Career certifications a graduation option in Lee
More than 80 programs offered in high school, with expansion to fifth grade, middle school to roll out
The Lee County School District offers more than 80 Career & Technical Education programs for high school students, and has expanded to offer programs for fifth grade and middle school students.
Adult & Career Education Director Rita Davis said she was honored to take on the director roll in 2015. She said at that time there were five employees for CTE and their primary focus was industry certifications with only CTE programs at the high schools.
CTE has now expanded to elementary school fifth grades through the Excellent Career Exploration Lab bus.
“The EXCEL bus is rolling out in January,” Davis said, adding that she has much gratitude to the transportation department which donated a bus to make the project happen.
The bus includes five kiosks, giving fifth graders an opportunity to board the vehicle and experience different industries.
“We are very excited . . . it allows elementary students to start thinking about their career,” Davis said.
In addition, elementary schools have their own career days as students should begin thinking about careers as early as fifth grade.
At the middle school level, students take a career aptitude and interest profile, an assessment.
Davis said they are creating connections to the community and bringing additional services into the classroom. Middle school students have the opportunity to obtain “junior” certifications and industry certifications in such fields as agriculture, culinary arts, digital design and coding.
In high school there are currently more than 80 Career & Technical Education programs. There are internships, career dual enrollment, career panels, industry certifications, technical competitions and work-based learning experiences for high school students.
Davis said they want students to continue post graduation into technical colleges, the workforce, military, either a two-year college or four-year university, or owning their own business.
The Career & Technical Education is made possible through the Perkins grant, which Davis said is their primary supplemental funding source at just under $1 million. The money is spread through its programs to equal $58 per student.
“We really stretch those dollars,” she said. “We are very grateful for this funding. We had to go through a year-long application process and that process started last July.”
To receive funding for the grant, Davis said their programs now have to meet certain requirements and must be aligned to the labor market. She said the grant only funds 36 programs through the Perkin dollars, as they met the size, scope, quality and labor market alignment requirements.
The Wednesday afternoon school board presentation then shifted gears to talk about what has been taking place with CTE during the pandemic. She said she and her team looked at what they could do holistically to help the program go virtual.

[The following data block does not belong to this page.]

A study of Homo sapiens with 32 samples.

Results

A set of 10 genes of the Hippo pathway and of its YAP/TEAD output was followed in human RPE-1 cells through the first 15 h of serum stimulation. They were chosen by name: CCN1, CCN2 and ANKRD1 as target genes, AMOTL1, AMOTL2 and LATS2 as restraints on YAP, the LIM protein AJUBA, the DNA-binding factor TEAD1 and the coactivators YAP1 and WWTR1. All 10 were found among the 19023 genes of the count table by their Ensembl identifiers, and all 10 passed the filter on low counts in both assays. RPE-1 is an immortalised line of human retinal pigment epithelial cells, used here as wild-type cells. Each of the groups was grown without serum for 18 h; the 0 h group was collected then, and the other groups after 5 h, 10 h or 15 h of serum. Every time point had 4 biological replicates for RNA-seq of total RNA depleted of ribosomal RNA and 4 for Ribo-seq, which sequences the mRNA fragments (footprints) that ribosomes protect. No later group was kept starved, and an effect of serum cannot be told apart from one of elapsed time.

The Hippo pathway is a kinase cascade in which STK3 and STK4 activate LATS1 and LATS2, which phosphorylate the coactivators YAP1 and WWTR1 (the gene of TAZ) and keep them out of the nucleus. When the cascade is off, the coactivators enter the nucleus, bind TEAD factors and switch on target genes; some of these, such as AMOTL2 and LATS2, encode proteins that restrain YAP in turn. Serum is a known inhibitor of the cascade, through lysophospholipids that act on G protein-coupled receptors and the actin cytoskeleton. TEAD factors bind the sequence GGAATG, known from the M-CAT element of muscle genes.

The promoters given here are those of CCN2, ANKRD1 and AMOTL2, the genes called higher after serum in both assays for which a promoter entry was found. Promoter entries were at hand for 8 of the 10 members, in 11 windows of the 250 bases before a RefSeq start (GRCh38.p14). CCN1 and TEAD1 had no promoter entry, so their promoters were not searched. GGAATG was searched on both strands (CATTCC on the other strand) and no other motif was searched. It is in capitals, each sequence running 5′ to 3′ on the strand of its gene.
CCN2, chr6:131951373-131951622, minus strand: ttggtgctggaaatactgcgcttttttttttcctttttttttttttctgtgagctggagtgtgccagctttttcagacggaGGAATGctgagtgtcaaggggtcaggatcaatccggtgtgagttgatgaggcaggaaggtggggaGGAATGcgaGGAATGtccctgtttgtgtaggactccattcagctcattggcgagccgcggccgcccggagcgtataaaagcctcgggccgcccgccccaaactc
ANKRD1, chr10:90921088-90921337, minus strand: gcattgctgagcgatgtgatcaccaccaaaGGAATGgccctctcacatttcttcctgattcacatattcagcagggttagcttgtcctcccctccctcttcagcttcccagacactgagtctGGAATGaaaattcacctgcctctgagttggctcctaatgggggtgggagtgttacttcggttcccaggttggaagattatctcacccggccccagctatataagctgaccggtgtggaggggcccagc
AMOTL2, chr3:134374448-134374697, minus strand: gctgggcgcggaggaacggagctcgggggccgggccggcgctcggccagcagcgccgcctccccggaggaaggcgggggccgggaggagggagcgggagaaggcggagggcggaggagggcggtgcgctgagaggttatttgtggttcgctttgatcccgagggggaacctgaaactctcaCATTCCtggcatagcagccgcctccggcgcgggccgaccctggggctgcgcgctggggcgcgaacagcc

Davis said they issued additional soft skill curriculum, as well as taking face-to-face resources and making them available virtually. They made 170 out of 194 CTE courses Lee Home Connect compatible in the first semester.
In addition, there are office hours twice a week, and exams held remotely to help capture additional certifications.
The presentation then highlighted the Career & Technical Education’s next steps, which Davis said was the “fun part for us. We love to be creative.”
New this year, were the Virtual Career Panels held in October. The program offered career visits in the classroom, where they “Zoomed in” and students from around the district could participate. The first panel’s topic was about agriculture.
A program, which was held Wednesday, Nov. 4, Engineering Day, was deemed a great success. Davis said they had 91 participants, 70 of which were students, as well as 14 guest speakers and 15 post secondary representatives. In addition there were a dozen engineering firms that participated and six high schools.
“It was done virtually on Zoom,” she said. “They had break out rooms and asked questions. It was absolutely wonderful. It keeps our kids connected to the workforce.”
A goal for Superintendent Dr. Greg Adkins was also included in the presentation, a career advisory board, which now has 44 members. Davis said the goal of the board is to weigh in if the academies are working and are sustainable, as well as if there needs to be new academies added.
The CTE department also is looking into equity and access analysis, which should be completed in December.
“We got a report back from the DOE that we do an incredible job,” Davis said. “Now we want to look at level one and two readers and ELL students to make sure every child is enrolled in courses.”
Other next step areas include ACE Your Week Podcast geared towards encouraging adult education students to seek employment or get their GED; Train to Gain with Southwest Florida Enterprise Center, which includes an summer internship; Workforce Signing Day, which recognizes students that went directly into the workforce; Building Construction Summer Internship Program with Lee BIA; Entrepreneurship Grant with LEE BIA, as well as an Agri-Business Event sent for November 2021.
The 2021 event is a Farm to City concept, highlighting the agriculture that makes up Southwest Florida.
Another area that Davis was excited about was the LCSD Apprenticeship. After the district did not receive a hoped-for grant, they changed course and decided to create a Lee County School District Apprenticeship.
“What this could do is improve the earning potential of our employees, our community and it brings revenue back to the district because it is seat time for us,” she said.